How to Take Care of Yourself And Everyone Else

0
523

If you’re like the women in a Redbook/HealthyWomen/GCI Health survey, looking after your own health falls somewhere toward the bottom of your list, just under “Remind husband to schedule physical” and “Pick up tissues  not the scratchy kind.” Use this guide to safeguard your well-being too.

Quick quiz: Who was the last person in your home to nag a family member to take his or her medicine? When your kid needed to see the dentist, who drove? When a bill had to be disputed, who picked up the phone?

If your answers are “me,” “me,” and “Need you ask?” you’re not alone: Research shows that women are overwhelmingly the ones in charge of their families’ health care. Given how complicated and costly it can be, we do a bang-up job: In the HealthiHer survey, conducted by Redbook in partnership with HealthyWomen and GCI Health, almost 83% of women said they were happy to be the ones calling the shots, and about 70% felt they handled their kids’ health “very well,” thank you very much.

So, time to declare victory and go home, right? Not quite. Because when the question is how we’re taking care of ourselves, the numbers aren’t nearly as rosy. Less than half of us are making time for our health, like for screenings that can head off trouble down the road. That’s worrisome: “If you lose the captain, you’re going to lose the ship,” says Beth Battaglino, CEO of HealthyWomen, the nation’s leading nonprofit health information source for women.

Women step up without much thought for the toll caregiving can take.

By one estimate, just the at-home care you give a child—from finding an eye doctor to helping with his speech therapy—will eat up 60 hours every year. “And when it comes to our kids or parents, most of us want to be there for the appointments themselves,” says pediatrician Kristin Ray, M.D., a researcher at the Children’s Hospital of Pittsburgh of UPMC. In fact, 80% of the women in the HealthiHer survey felt they couldn’t delegate their families’ health care; 40% of them said doing so would simply be too complicated. And while younger women were twice as likely to have someone they could ask for help, they were no more likely to do it.

This means, though, that we also shoulder what sociologists call the “worry work”: all the planning, anticipating—The kids are going to need checkups before school starts—and gnawing that’s more easily measured in wrinkles than in hours. The result, of course, is stress: Nearly 90% of the women in our survey described their stress levels as “moderate to high.” Almost 40% said they had been diagnosed with anxiety or depression.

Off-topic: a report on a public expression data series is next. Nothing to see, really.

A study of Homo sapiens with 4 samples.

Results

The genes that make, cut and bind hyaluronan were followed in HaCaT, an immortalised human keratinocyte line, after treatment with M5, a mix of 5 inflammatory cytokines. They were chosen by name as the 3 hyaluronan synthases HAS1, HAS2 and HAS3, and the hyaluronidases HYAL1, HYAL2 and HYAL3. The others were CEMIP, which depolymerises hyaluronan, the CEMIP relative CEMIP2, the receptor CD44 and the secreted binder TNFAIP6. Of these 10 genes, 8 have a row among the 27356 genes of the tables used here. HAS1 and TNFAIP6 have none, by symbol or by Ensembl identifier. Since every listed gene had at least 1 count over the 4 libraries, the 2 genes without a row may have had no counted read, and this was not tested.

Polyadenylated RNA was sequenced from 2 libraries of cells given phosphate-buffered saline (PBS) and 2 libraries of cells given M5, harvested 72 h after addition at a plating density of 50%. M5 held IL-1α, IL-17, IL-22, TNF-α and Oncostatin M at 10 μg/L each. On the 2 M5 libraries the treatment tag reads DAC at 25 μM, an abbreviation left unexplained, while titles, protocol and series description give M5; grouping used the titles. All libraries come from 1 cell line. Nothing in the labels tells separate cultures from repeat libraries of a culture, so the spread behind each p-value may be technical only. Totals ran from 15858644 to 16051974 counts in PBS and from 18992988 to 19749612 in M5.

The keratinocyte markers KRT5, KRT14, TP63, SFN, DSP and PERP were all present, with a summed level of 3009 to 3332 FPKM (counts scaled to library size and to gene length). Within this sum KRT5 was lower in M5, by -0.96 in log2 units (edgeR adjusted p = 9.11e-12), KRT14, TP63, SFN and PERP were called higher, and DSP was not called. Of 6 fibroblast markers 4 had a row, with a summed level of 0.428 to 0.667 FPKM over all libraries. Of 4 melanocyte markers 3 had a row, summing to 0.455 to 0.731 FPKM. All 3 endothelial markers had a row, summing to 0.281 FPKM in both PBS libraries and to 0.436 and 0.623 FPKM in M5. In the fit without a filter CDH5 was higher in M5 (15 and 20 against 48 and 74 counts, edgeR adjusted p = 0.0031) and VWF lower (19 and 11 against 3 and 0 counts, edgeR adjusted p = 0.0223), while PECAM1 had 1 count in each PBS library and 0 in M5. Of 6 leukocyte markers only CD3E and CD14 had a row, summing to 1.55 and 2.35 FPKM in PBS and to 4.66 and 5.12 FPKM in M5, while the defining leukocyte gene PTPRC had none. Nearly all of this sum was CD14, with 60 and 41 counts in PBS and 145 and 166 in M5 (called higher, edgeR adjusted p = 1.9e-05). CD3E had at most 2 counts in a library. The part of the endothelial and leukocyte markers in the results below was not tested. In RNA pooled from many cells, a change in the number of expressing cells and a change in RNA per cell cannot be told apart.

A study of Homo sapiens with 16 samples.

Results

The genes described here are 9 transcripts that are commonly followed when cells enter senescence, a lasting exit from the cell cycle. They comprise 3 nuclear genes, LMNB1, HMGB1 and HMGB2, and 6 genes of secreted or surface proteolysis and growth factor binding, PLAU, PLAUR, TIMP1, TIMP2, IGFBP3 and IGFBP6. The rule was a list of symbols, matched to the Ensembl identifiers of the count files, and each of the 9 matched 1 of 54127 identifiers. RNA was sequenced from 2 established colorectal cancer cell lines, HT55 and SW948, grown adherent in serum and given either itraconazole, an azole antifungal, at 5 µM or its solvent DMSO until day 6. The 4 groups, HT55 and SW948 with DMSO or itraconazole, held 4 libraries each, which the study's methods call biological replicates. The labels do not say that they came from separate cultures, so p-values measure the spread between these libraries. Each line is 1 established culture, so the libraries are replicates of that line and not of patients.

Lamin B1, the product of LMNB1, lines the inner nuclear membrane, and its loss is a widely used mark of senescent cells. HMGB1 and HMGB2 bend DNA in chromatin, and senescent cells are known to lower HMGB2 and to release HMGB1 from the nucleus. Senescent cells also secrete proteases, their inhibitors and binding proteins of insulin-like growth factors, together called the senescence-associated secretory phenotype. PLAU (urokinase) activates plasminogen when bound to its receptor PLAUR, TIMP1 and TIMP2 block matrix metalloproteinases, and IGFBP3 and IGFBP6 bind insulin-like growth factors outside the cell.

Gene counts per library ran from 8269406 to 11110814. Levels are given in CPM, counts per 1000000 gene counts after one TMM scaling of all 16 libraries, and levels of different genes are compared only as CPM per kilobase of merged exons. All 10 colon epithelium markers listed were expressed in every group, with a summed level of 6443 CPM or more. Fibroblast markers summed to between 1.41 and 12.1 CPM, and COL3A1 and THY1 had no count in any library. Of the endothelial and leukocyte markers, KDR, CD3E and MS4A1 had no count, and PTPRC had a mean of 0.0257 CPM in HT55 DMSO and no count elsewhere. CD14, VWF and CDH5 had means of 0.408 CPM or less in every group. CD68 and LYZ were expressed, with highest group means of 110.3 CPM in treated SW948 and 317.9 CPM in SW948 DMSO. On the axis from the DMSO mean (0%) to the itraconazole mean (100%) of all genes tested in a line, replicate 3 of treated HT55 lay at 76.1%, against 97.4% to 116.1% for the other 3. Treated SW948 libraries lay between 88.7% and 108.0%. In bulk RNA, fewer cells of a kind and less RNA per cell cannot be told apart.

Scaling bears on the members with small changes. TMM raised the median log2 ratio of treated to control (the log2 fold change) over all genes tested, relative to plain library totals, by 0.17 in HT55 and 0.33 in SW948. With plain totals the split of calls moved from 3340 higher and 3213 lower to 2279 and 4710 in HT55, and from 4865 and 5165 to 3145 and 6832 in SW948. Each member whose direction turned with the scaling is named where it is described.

The pressure can make it nearly impossible to carve out time for our own care.

“When it comes to actually getting a mammogram or a bone density screening, moms think, I can barely get my kids to the dentist, let alone do that!” Battaglino says. In fact, most survey takers said it was lack of minutes rather than money that kept them from getting their checkups. Younger women—who tend to have littler, needier kids—were 10% less likely to get basic screenings and 10% more likely to say they put their kids’ care before their own.

For women who work outside the home, it’s not just how much time appointments take—it’s also the hours doctors’ offices keep, says Jane E. Miller, Ph.D., a researcher at the Institute for Health, Health Care Policy, and Aging Research at Rutgers University-New Brunswick: “You might only be able to set up an appointment between 8:30 a.m. and 4:30 p.m.”

Still, women aren’t immune to the reality that our health matters too. “With serious conditions like heart disease and diabetes on the rise, it’s critical that women do what’s necessary to ensure we can be here for our families,” says Wendy Lund, CEO of GCI Health, a global healthcare communications company. While the women in the HealthiHer survey showed concern about things like reproductive health and Alzheimer’s, those who weren’t making time for regular screenings worried more about everything, from their stress levels to their eating habits to whether they’d get cancer. That may be proof that focusing on your own health will lower your stress, not add to it. “It isn’t selfish to put ourselves first,” Battaglino says. It’s an investment—in our health and in the health of our families.